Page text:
Integration. It’s a word we hear a lot when discussing association websites, but, depending on where you are on the technical know-how spectrum, the term could mean something different to you than the next person. The truth is, the term doesn’t have just one meaning. There are many.

To help clear the confusion, we’ve provided a quick breakdown of the six most common types of integrations with a brief description and example of each.

  1. Single sign-on (SSO) integration: In the world of web development, this is the most common reference to the term integration. On the most basic level, SSO is when your association management system (AMS) - like Impexium – is bridged with your content management system (CMS) to create a seamless login experience for members.

There is nothing worse than requiring a member to login more than once on your website as they navigate across different third-party platforms. With SSO, there is a coded connection between your systems that allows a member to login once and then navigate from your web pages to your AMS pages and then back again without any interruption. In addition, other third-party platforms like job boards, learning management systems (LMS) or online communities can be linked into the SSO code so that you can create one large ecosystem of web-based tools for your members – all accessible to them through one login.
 

  1. Design integration: Very commonly coupled with SSO, design integration allows the visual user experience (UX) to be seamless as well. Your website’s branded design template (header, footer and sidebars) can be implemented into your third-party system (AMS, LMS and others) to create the visual impression that all your systems are actually one big system. This is a big plus in the user-friendliness column. Note, however, that some third-party systems, like online communities, sometimes prefer the user to see a unique visual experience across their application so the user can feel comfortable they are in the right place for peer-to-peer networking. For the most part, though, continuity in design between systems is desired.

 

  1. Upload Integration: Beyond SSO there is another scenario when integration between systems can be very useful. There may be information in your AMS that you’d like presented on your website in a unique and customized way. As a simple example, maybe you’d like committee and board members’ information pulled from the AMS and displayed on a web page. One way to achieve this is by exporting the data from the AMS and housing it on a server. This data would represent the latest committee and board member information as of that moment in time. Then nightly (or more or less often depending on your needs) a snapshot of that data would be uploaded to the content management system and displayed on a pre-formatted page ready to accept the data.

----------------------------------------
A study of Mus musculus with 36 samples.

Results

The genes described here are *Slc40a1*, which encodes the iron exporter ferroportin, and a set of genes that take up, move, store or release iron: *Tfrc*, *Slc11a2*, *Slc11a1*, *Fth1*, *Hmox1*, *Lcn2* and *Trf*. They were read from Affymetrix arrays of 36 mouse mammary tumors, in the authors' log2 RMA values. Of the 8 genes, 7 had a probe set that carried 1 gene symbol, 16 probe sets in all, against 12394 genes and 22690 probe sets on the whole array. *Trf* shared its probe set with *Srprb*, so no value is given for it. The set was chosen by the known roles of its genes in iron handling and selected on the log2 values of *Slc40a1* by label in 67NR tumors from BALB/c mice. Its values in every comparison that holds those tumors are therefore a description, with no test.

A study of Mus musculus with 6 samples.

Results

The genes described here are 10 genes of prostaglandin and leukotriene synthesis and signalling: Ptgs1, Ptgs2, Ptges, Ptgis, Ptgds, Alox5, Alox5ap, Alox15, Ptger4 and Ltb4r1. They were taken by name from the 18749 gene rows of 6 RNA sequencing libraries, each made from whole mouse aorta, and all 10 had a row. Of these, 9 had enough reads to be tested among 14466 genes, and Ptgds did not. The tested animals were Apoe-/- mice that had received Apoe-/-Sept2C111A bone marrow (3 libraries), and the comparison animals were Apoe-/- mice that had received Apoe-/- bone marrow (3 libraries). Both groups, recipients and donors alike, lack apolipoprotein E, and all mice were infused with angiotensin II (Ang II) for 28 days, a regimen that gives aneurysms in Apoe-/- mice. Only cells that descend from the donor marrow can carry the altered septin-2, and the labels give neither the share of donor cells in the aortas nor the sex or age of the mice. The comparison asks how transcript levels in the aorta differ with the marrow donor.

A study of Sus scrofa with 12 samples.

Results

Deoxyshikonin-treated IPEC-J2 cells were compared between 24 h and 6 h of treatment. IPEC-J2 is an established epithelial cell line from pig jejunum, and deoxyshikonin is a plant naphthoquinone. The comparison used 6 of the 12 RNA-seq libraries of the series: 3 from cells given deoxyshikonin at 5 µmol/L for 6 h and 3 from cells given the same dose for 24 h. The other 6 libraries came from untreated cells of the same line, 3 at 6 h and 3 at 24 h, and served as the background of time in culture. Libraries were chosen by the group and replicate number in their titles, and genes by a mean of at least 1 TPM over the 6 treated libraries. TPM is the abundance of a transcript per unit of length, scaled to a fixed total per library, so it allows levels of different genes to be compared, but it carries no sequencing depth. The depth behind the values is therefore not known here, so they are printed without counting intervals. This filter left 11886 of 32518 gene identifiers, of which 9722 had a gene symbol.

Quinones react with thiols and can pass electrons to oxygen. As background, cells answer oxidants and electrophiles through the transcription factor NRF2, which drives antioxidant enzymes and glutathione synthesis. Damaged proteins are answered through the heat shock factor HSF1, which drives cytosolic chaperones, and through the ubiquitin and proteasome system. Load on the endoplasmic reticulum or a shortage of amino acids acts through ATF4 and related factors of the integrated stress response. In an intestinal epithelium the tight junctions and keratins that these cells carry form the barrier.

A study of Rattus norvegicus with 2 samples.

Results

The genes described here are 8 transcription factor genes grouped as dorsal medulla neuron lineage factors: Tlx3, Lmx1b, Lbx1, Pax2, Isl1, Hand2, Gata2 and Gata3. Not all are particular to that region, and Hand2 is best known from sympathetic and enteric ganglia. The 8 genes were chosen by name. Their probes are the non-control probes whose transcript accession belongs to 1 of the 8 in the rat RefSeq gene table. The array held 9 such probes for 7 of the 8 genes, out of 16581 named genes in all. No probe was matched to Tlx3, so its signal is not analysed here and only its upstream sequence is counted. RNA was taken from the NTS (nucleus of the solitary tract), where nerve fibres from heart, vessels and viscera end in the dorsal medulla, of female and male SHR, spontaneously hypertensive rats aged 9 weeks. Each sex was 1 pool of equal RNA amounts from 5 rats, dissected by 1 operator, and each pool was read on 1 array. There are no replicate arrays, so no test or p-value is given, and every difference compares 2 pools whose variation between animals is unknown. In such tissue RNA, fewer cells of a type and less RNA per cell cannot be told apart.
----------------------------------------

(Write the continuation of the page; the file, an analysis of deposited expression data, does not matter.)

While the benefit of being able to display data from your AMS (or other third-party systems) on your website is great, this method is the more manual and rudimentary (and many times less expensive) way of achieving this. The drawbacks, of course, are that the data is not real-time and any changes to your committees or board members’ information (keeping with this example) would not be reflected on the web page until the next new upload process took place.

 

  1. Real-time data integration: Let’s keep with the same scenario as above. Most top-performing AMS systems, including Impexium, offer Web Services that allow two systems to share data across the Internet in real-time, thus eliminating the delay between uploads and instead providing real-time data to the committee and board members’ web page, allowing that page to always be current. The opportunities for this type of integration are endless - not to mention automated - and an effective way to create member-specific personalization of content.

 

  1. I-Frame integration:  A dated and less desirable version of data integration, but worth a mention as it still does surface from time-to-time on websites. An I-Frame is a web page inside of a web page. An HTML tag exists that allows you to take data from a web page outside of your website and “frame” it inside a web page on your site. The header and footer would be from your existing website, but the body area of the page would be showing a web page from an outside source. Again, most modern-day systems would not require an I-Frame but if you have a system that does require it, it’s a sign you might be working with a fairly old system.

 

  1. Embed integration: When you see a Twitter or Facebook feed on a web page, that is embed integration. Google Analytics, YouTube and many ad management systems are embed integrations. Instead of offering a Web Service for your CMS to talk to, many popular mainstream applications simply offer a small snippet of code for you to insert (embed) onto your web page. Any browser will then know how to read this snippet of code and will display a fully styled, fully integrated feed on your web page.

 

So, as you can see, the term integration does have several interpretations. It’s important when you’re speaking with your AMS or website vendor to clarify what type of integration you’re referencing to help ensure all expectations are met. And, keep in mind, integrations really are the key to a robust and user-friendly website experience for your members, offering them dynamic content in a cutting edge way that works for them. 

About Vanguard Technology

Vanguard Technology has been in business since 1998 and serves associations exclusively. They are a full-service web development firm offering strategy, design, CMS and more. They’ve built over 200 integrations in the past 10 years and have worked with virtually all third-party applications in the association space. You can find out more at www.vtcus.com.